I love curry. Same goes for chili and anything spicy. The key ingredient in both is capsaicin, an oily chemical produced naturally in the plant genus Capsicum–the peppers. Chew on a jalapeno and the capsaicin simulates the nerves that sense heat and pain. The “heat”, measured in Scoville Heat Units (SHU), ranges from 0 SHU in green bell peppers to 210,000 SHU in orange habaneros. It makes food interesting, but it can also cross the line from pleasure to pain. Those who pick hot peppers for a living call it “Hunan hand”, the inflammation and pain that can result from too much exposure to capsacin. It is this property that makes it useful as an all-natural, non-lethal, “chemical self-defense weapon” for the discerning voluntaryist.
Pepper Spray is now used in thousands of “public safety” agencies. This substance consists of from 1 to 13% capsacin in various liquid carriers with gaseous propellants, packaged in an aerosol can that can be pointed and sprayed at the target person. The Scoville units of these things are measured in the millions. Sprayed in the face, they cause involuntary closing of the eyes, intense irritation of mucous membranes, trouble breathing, and usually, temporary incapacitation. One study of 690 instances of the use of pepper spray by Baltimore County police officers found the 5%, 2,ooo,000 SHU spray “incapacitated” the suspects in 71% of the cases and “aided arrest” in 85%.1 Other studies place the effectiveness at 85–95%.2
On the “continuum of force” from verbal commands to bullets, most police would place pepper spray near physical force (hands, batons, kicks) in terms of severity, but below tasers and handguns.2 As pointed out by Eric Puryear, “Guns work by disrupting an attacker’s vital organs in such as way to to physically stop them from continuing their attack. This means that an attacker cannot become desensitized to bullets the way they could become desensitized to the pain and irritation from pepper spray.” The Baltimore study cited above found that although alcohol had no effect on the response of the target to pepper spray, the spray was less effective when the suspect was under the influence of drugs (only 47% were incapacitated). In fact, it is possible even for a sober individual to continue to function (to some degree) under the influence of pepper spray–police officers often undergo training on how to cope with being sprayed.
Bottom line: Pepper sprays are clearly not as effective as guns for stopping an assailant. But their nonlethality can be an advantage. Though there have been instances of severe reactions and even death, chances of adverse health effects of pepper sprays are around 1 out of 6250. This means there is little to no risk of injury to bystanders. It also means they can be used where deadly force may be questionable, such as during a physical altercation or where the threat is less certain than might be necessary for the use of a firearm. For a good online discussion of these aspects, see here. As one commenter put it, “…from the tactical side, it’s always best to be able to fill in what one police instructor called ‘the vast gray area between a kind word and a bullet.'”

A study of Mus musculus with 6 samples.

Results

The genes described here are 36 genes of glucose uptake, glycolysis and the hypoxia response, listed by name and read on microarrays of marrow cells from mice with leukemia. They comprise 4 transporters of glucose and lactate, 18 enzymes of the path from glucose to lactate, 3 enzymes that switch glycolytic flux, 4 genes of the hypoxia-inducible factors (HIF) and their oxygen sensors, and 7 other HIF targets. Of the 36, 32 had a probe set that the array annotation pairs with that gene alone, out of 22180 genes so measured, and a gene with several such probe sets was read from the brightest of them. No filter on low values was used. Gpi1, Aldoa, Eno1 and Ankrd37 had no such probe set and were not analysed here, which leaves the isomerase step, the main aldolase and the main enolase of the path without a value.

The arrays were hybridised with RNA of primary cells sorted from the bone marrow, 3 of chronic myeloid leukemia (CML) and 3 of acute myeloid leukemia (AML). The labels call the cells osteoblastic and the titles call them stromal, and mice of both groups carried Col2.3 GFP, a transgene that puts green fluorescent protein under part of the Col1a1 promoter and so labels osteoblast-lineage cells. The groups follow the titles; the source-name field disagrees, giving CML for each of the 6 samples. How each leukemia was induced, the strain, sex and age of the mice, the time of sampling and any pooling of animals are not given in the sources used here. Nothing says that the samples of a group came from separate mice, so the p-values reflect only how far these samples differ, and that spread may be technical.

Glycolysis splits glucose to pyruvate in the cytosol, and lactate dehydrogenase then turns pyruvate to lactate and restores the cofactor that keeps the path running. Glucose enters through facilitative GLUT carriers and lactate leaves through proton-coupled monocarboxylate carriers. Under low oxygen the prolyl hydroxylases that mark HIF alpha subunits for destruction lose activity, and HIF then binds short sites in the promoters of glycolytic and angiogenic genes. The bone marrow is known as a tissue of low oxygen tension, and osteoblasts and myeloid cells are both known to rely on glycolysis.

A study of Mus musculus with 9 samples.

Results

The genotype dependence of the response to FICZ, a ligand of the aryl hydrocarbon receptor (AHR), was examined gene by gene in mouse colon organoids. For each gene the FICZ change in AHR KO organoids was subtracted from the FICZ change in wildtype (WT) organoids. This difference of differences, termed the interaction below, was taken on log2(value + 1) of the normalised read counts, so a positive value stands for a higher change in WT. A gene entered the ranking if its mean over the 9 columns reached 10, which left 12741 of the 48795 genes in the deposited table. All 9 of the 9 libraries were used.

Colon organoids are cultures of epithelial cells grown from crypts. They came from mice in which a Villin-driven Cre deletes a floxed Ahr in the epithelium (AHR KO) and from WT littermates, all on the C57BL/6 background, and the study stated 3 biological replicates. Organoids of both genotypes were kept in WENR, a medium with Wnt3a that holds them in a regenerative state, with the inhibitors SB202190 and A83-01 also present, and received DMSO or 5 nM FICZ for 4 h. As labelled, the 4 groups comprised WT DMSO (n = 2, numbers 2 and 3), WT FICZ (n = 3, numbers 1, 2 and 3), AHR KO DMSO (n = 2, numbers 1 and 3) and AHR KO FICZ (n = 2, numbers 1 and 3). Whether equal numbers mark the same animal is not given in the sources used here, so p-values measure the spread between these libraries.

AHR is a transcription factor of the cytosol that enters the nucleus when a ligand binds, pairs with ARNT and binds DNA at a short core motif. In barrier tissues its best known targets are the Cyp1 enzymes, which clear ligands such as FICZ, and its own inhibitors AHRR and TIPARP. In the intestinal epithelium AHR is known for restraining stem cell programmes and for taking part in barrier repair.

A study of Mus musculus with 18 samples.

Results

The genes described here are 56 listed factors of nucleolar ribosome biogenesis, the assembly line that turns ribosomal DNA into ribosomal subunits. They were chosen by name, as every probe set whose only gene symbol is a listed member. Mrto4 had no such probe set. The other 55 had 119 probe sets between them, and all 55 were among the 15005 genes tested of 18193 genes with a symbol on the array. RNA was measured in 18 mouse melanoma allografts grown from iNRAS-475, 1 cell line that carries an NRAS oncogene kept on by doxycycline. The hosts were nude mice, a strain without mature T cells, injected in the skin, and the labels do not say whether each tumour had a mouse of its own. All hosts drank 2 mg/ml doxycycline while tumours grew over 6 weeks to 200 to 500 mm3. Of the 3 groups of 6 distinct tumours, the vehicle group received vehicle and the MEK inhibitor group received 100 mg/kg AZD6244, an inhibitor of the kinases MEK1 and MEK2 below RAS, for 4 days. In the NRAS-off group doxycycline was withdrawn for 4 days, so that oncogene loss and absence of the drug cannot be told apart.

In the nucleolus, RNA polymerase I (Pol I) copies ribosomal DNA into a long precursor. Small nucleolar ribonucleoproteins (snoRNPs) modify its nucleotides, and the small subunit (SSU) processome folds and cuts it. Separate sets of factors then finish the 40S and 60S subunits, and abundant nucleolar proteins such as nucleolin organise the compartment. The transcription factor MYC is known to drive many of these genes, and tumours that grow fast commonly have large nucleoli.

Another distinct advantage of pepper sprays is that they can usually be carried without a permit (check your local laws to be sure–Massachusetts requires a firearms permit) and may be used by people not trained in or comfortable with the use of firearms. They are definitely better than nothing for wives and children who are wary of or too young for guns. In addition, they are so inexpensive that several cans can be easily purchased and kept in various locations.
While they may not be the best option when life is on the line, pepper sprays have their place in self-defense. And we must keep in mind that the purpose of self-defense is just that: defense. The purpose of self-defense is not to kill the assailant. The ideal weapon would be one that totally incapacitated the assailant 100% of the time with no ill health effects. Until we can “set our phasers on stun” we might want to consider pepper spray as part of our arsenal. In a real sense, they are the “common man’s (or woman’s) chemical weapon.”
1Kaminski, Robert J., Steven M. Edwards, and James W. Johnson. “Assessing the Incapacitative Effects of Pepper Spray during Resistive Encounters with Police.” Policing: Int. J. Police Strat. & Mgmt. 7 (1999):7–29. Print.
2Smith, Michael R. and Geoffrey P. Alpert. “Pepper Spray: A Safe and Reasonable Response to Suspect Verbal Resistance.” Policing: Int’l J. Police Strat. & Mgmt. 23 (2000):233–245. Print.